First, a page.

Blair promises U.K. won't cut and run

A British soldier walks among Iraqi children in the Hyyaniah area of Basra on Thursday.
A British soldier walks among Iraqi children in the Hyyaniah area of Basra on Thursday. Richard Mills / AP
/ Source: NBC News

As Iraqis prepare to vote Sunday, the British government has reaffirmed its commitment to the war by flying in more troops.

The recent arrival of some 400 reinforcements has raised the number of British military personnel serving in Iraq to 8,700, according to the Ministry of Defense.

During a recent visit with some of those troops, Prime Minister Tony Blair said, "The British aren't a nation of quitters." Of British involvement in the conflict, he said, "We did the right thing."

After a newspaper report suggested Blair might be pressuring the United States to set a timetable for removing coalition troops from Iraq, a spokesman denied it. "‘We will not cut and run’ is what the prime minister said in April and that remains our position."

Potential political stakes at home
For Great Britain and the Blair government the war in Iraq has been costly — on several levels.

Since the fighting began, 75 British military personnel have been killed in Iraq.

Three British soldiers are being tried now on charges they abused Iraqi detainees shortly after the U.S. led invasion in 2003. Pictures offered as evidence at the trial showed bound Iraqis, some in sexually suggestive positions, and were recently splashed over British newspapers.

Blair was forced to publicly address the accusations, telling members of parliament, "Everyone finds those photographs shocking and appalling, and there are simply no other words to describe them."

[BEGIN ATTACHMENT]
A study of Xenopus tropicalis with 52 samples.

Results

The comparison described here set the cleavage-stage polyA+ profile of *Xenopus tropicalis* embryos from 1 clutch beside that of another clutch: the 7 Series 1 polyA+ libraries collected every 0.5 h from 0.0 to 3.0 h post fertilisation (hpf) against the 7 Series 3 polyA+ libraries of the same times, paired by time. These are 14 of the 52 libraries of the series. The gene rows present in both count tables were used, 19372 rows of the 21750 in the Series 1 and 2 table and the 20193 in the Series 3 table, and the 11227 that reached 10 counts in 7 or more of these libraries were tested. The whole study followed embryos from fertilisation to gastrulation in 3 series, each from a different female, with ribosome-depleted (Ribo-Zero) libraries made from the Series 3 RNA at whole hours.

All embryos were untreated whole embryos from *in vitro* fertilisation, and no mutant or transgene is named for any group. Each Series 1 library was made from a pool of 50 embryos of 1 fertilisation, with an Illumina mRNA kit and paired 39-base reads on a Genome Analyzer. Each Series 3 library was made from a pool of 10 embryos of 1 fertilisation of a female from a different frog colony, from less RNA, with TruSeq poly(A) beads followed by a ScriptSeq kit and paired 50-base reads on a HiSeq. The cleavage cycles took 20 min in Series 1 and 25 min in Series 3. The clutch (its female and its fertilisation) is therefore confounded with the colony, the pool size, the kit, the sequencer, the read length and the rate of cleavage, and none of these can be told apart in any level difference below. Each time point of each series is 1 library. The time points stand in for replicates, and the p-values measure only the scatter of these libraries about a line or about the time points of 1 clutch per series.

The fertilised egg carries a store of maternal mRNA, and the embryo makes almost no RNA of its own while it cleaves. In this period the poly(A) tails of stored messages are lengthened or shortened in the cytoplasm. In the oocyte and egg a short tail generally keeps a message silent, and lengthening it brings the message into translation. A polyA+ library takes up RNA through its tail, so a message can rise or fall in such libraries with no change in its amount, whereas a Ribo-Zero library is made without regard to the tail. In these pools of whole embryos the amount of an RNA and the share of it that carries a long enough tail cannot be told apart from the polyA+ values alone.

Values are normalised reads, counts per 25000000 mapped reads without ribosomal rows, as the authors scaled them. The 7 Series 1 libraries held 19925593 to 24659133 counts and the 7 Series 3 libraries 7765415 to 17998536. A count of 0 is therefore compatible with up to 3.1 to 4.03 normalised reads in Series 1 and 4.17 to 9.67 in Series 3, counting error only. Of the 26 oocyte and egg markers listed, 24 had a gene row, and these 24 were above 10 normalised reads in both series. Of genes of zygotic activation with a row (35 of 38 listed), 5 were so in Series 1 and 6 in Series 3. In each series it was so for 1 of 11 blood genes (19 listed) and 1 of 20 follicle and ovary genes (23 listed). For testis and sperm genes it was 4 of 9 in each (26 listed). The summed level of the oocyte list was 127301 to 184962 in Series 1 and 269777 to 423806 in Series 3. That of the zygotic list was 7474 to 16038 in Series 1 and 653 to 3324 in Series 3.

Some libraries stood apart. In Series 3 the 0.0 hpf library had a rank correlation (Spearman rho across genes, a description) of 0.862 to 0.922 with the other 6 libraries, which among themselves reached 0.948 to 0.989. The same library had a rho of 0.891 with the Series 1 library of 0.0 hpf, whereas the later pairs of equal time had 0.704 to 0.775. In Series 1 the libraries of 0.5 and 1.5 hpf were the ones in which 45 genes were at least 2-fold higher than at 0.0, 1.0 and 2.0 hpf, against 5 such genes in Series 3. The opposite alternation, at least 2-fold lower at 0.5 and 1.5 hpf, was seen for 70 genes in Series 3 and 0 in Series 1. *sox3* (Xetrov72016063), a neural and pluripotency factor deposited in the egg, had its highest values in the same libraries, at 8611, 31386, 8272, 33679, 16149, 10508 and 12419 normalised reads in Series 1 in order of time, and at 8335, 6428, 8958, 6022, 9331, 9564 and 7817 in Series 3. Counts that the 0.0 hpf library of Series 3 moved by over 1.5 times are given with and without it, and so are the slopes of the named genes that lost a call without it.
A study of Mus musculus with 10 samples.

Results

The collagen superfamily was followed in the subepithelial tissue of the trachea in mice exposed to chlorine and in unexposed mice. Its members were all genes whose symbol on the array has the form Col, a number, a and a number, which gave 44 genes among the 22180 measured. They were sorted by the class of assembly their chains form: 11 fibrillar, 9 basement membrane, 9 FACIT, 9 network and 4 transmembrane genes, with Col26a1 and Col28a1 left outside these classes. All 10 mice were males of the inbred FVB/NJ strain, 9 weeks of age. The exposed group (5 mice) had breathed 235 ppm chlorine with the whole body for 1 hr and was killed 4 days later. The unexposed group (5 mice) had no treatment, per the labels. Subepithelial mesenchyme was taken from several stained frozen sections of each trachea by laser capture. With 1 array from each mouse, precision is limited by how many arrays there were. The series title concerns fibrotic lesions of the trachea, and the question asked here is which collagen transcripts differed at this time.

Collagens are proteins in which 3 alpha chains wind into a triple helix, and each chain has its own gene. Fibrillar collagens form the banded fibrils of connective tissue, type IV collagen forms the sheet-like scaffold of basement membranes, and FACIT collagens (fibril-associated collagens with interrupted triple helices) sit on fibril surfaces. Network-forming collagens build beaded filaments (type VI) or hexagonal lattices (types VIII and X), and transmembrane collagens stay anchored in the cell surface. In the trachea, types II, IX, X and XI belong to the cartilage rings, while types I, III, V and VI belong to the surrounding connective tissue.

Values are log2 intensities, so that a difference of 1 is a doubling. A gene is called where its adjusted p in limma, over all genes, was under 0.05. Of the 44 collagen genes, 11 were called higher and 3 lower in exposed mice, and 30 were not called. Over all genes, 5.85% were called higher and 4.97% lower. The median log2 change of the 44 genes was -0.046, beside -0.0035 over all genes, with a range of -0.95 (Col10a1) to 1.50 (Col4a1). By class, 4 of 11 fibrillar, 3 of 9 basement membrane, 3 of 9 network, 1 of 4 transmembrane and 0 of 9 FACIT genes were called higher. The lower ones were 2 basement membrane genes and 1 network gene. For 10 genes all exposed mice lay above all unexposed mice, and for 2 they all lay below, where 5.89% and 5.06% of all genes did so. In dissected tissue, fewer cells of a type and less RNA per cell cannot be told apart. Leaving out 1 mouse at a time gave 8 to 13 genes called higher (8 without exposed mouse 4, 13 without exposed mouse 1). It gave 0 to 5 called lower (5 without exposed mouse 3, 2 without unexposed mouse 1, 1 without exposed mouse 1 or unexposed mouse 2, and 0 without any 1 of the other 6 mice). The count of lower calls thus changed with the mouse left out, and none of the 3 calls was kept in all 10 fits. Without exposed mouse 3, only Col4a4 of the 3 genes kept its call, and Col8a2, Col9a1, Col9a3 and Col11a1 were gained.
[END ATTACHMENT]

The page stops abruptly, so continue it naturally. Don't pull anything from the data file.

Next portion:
In the meantime, British public support for the war has steadily declined. Two recent polls revealed only 35 to 38 percent approval for the invasion of Iraq.

"The British public is disillusioned," said Andrew Neil, a British political commentator.

Many people blame Blair for what they see as his blind support for President Bush, who is not particularly popular in Britain and much of Europe.

Speaking of her prime minister, one woman in London said, "I think he got into something that he didn't think through. And now it is worse and worse and costing everyone a lot of money."

A political cartoon in The Times newspaper shows an Oscar-award-like statuette, with Bush holding his arms around Blair. With an image of Iraq burning in the background, the base of the award reads, "Best Support for a Disaster Epic."

Two elections potentially linked
Three polling places for Iraqi expatriates have been set up in the United Kingdom — in London, Manchester and Glasgow.

About 250,000 Iraqis are believed to live in Britain, 150,000 of whom are eligible to vote, according to the British Broadcasting Corp. Of those eligible, 30,961 have registered to vote here.

With Britain expected to call its own national elections this spring, political analysts believe the aftermath of the Iraq vote could have a direct bearing on Blair and his Labor Party, which currently holds a large majority in parliament.

As it stands now, Blair enjoys a clear lead in the polls, but Neil, the political commentator, warned, "If it continues to get bad (in Iraq) through March, April into May when our election will be, and British casualties rise, it's a big enough axe to take his majority (in Parliament).

"If elections go well and things get back to some semblance of normality," Neil added, "he can say we did the right thing."